First son Hunter Biden was quizzed for more than six hours Thursday as part of the civil lawsuit brought by Delaware computer repair shop owner John Paul Mac Isaac, who came into possession of the privileged political scion’s now infamous laptop in 2019.
Hunter, 53, did not answer questions from a Post reporter as he left the Wilmington law firm where his deposition took place.
Mac Isaac had sued the first son for defamation last year, alleging he left the store owner to twist in the wind for years while falsely insisting that the laptop was not his, that it had been stolen or that his information had been hacked.
Biden failed to retrieve the laptop from Mac Isaac’s store in April 2019 — despite attempts by Mac Isaac to contact him.
As part of Thursday’s deposition, Hunter was asked to turn over his unredacted bank records from April 2019.
Since the first son did not return to pick up his laptop, Mac Isaac became the computer’s legal owner.
While repairing the computer, Mac Isaac discovered emails detailing influence-peddling involving then-Vice President Joe Biden and videos of his 53-year-old son smoking crack and having sex with prostitutes and his work subordinates — prompting him to alert the FBI.
Before the feds verified the laptop in November 2019 and picked it up the following month, Mac Isaac made a copy of the hard drive. He gave it to Giuliani’s personal lawyer, Robert Costello, the following year. Giuliani then provided The Post with a copy of the hard drive in October 2020.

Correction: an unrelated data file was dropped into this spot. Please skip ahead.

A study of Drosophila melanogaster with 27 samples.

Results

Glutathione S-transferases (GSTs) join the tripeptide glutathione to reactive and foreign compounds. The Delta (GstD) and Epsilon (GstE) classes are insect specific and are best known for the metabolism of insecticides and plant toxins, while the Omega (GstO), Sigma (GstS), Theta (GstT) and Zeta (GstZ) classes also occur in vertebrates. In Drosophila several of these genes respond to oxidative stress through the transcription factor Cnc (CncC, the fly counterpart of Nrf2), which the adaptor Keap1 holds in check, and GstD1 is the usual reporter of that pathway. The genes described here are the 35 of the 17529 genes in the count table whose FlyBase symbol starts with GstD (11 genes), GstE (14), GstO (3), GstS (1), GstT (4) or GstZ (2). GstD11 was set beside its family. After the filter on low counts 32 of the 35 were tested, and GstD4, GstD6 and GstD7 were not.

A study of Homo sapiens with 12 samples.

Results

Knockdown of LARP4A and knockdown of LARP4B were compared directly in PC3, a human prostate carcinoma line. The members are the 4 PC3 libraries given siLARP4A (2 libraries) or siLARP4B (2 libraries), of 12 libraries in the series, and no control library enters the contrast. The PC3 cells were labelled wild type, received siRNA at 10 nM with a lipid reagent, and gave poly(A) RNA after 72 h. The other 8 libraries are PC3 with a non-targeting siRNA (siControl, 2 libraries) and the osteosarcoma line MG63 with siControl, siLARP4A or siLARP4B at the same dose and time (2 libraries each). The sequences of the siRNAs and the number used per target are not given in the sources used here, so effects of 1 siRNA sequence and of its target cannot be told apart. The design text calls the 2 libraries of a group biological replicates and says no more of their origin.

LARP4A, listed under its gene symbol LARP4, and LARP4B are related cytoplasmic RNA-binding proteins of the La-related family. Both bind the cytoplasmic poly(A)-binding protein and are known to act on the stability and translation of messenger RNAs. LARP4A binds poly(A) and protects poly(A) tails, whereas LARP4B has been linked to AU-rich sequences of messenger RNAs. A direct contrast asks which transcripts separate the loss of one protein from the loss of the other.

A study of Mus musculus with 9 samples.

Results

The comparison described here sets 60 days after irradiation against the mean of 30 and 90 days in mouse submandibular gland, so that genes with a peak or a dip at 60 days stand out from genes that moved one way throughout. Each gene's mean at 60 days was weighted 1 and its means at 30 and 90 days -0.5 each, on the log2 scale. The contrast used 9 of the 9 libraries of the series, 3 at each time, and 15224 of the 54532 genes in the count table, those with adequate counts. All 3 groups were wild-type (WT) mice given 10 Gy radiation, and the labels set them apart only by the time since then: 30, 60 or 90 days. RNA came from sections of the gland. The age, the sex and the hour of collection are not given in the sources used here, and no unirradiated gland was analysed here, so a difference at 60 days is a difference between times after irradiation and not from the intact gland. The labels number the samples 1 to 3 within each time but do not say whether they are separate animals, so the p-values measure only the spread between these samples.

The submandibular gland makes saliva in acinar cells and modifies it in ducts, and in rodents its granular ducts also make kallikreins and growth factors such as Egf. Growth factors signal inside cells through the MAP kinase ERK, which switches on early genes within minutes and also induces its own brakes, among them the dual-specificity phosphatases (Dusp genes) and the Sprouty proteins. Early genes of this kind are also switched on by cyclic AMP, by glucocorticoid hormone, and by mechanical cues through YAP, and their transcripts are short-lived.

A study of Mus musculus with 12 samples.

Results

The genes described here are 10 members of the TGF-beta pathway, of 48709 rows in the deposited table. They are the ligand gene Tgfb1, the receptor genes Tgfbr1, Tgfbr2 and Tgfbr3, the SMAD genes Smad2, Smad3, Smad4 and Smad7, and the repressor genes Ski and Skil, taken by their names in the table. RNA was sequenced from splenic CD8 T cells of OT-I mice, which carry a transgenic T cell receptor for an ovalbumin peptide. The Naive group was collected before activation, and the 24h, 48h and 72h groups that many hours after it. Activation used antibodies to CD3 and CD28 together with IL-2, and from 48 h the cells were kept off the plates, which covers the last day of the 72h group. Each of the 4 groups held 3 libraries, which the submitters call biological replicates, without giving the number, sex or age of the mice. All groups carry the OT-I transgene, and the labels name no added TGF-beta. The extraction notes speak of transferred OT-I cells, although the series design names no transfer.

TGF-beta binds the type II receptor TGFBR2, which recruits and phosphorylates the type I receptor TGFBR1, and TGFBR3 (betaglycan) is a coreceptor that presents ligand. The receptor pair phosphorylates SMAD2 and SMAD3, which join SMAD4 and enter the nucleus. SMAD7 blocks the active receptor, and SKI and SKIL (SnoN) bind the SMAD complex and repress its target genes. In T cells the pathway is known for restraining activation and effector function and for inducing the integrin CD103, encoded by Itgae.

In March, Hunter Biden filed a countersuit alleging Mac Isaac illicitly distributed his personal data, accusing him of six counts of invasion of privacy.
Thursday’s deposition took place nine days after the Justice Department announced that he would enter a plea agreement stemming from US attorney for Delaware David Weiss’ years-long investigation into his tax affairs.
Biden agreed to plead guilty to federal tax and firearms charges in a deal with his father’s Justice Department that’s expected to carry no prison time and leave his record free of felony convictions.
The charging decision came about a month after the IRS dismissed a 13-person investigative team that worked on the case — allegedly in retaliation after supervisory agent Gary Shapley in April contacted Congress to claim a coverup featuring “preferential treatment” and alleged false testimony by Attorney General Merrick Garland about Weiss’ ability to make independent charging decisions.
Shapley and a second IRS whistleblower testified to the House Ways and Means Committee about alleged irregularities in the Hunter Biden case.
In October 2019, “the FBI became aware that a repair shop had a laptop allegedly belonging to Hunter Biden and that the laptop might contain evidence of a crime. The FBI verified its authenticity in November of 2019 by matching the device number against Hunter Biden’s Apple iCloud ID,” Shapley testified in May.
“The FBI verified its authenticity in November of 2019 by matching the device number against Hunter Biden’s Apple iCloud ID,” Shapely said. “When the FBI took possession of the device in December 2019, they notified the IRS that it likely contained evidence of tax crimes.”
Hunter Biden is expected to appear in Wilmington federal court to enter his guilty plea July 26.